Election Mandate: Need for Bipartisanship

Let's hope with the election behind us the President will stand up and be a leader and Congress will start to work together.

In 2010 Republicans felt they had a "mandate" to obstruct any moves by Obama after the major healthcare reform split the country. The result has been gridlock for the past two years in preparation for November 2012.

Is there a mandate this year?

House Speak John Boehner said if there was a mandate in the election results, "it's a mandate to find a way for us to work together."

Amen! I think we can all get behind that notion. But is it possible?

I've said often that a one party government doesn't benefit anyone, even if you support that one party. Our government was created with checks and balances for a reason.

Joel Newman, president and CEO of the American Feed Industry Association, said the election outcome is a second chance, not a mandate, for President Obama.

"Overall, it's pretty clear voters opted for the status quo and not a wholesale shift in political control. The challenge to the White House and Congress is to put action behind all the 'appropriate' things being said about bipartisanship because it's pretty clear the public's frustration with inaction on key issues: the economy, taxes, the Farm Bill, immigration reform – is close to the breaking point."

Voting allows the country to send a message to Congress and the President what we collectively think is important. Carl Zulauf, ag economist at Ohio State University, stated that really didn't happen this election cycle.

Zulauf argued that the weaker mandate of sorts "does impose the notion that we're going to need some creative thinking for new policy solutions to build the consensus of how we redesign the safety net - for instance what constitutes appropriate and fair tax levels, social programs, health care and nutrition programs.

Mark Maslyn, executive director of public policy at the American Farm Bureau Federation, pointedly said we have just one president and 535 members of Congress. "Presidents lead and Congress follows. The question is whether President Obama will lead on fiscal issues and offer any concessions to get Republicans to climb on board or just take a hardline approach," Maslyn said.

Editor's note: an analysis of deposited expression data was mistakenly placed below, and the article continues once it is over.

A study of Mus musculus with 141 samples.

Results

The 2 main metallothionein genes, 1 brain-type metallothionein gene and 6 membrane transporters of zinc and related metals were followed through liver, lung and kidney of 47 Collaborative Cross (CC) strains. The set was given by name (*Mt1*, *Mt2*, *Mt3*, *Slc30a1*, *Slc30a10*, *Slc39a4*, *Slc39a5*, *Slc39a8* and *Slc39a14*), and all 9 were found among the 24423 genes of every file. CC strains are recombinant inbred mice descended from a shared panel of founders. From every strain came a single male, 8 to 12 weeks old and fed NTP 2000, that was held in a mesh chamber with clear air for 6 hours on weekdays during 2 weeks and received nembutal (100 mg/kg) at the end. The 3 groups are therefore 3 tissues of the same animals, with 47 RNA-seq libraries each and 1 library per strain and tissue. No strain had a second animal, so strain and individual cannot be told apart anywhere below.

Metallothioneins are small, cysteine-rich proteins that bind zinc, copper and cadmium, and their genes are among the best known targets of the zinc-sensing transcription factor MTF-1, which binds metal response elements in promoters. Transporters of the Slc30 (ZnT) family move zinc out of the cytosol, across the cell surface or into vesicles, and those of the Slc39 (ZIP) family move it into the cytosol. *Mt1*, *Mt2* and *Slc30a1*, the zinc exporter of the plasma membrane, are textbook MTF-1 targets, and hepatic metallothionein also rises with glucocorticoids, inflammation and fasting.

Maslyn said it's prudent for the President to step up and unite the country. "He has to lay out his vision and accept the views of the Republican Party in this case. If he rises above the campaign mode, he can go down as a significant force. I think people's reputations are measured by the challenging times they serve in."

History tells us that a second term president can be a very different person. Zulauf said its unknown if the fact Obama will not be running for reelection changes the President's willingness to negotiate. He noted we probably won't know until the State of the Union address, or maybe as early as the lame duck session, if there is a change in heart from Obama's leadership approach.

Newman said while AFIA works successfully with both political parties, "we're hoping President Obama will take his cue from former President Bill Clinton and move to the political center. Our members are very concerned about whether Congress and the White House can come together to provide tax reform/budgetary and regulatory certainty to the marketplace so pro-growth company decisions can be made."

We will have to wait to see if top-of-mind farm issues including the farm bill, trade, and immigration offer a starting point for bipartisanship in 2013. Over the next few weeks I'll tackle those topics as well as keep you updated on whether the farm bill gets any action during the lame duck session.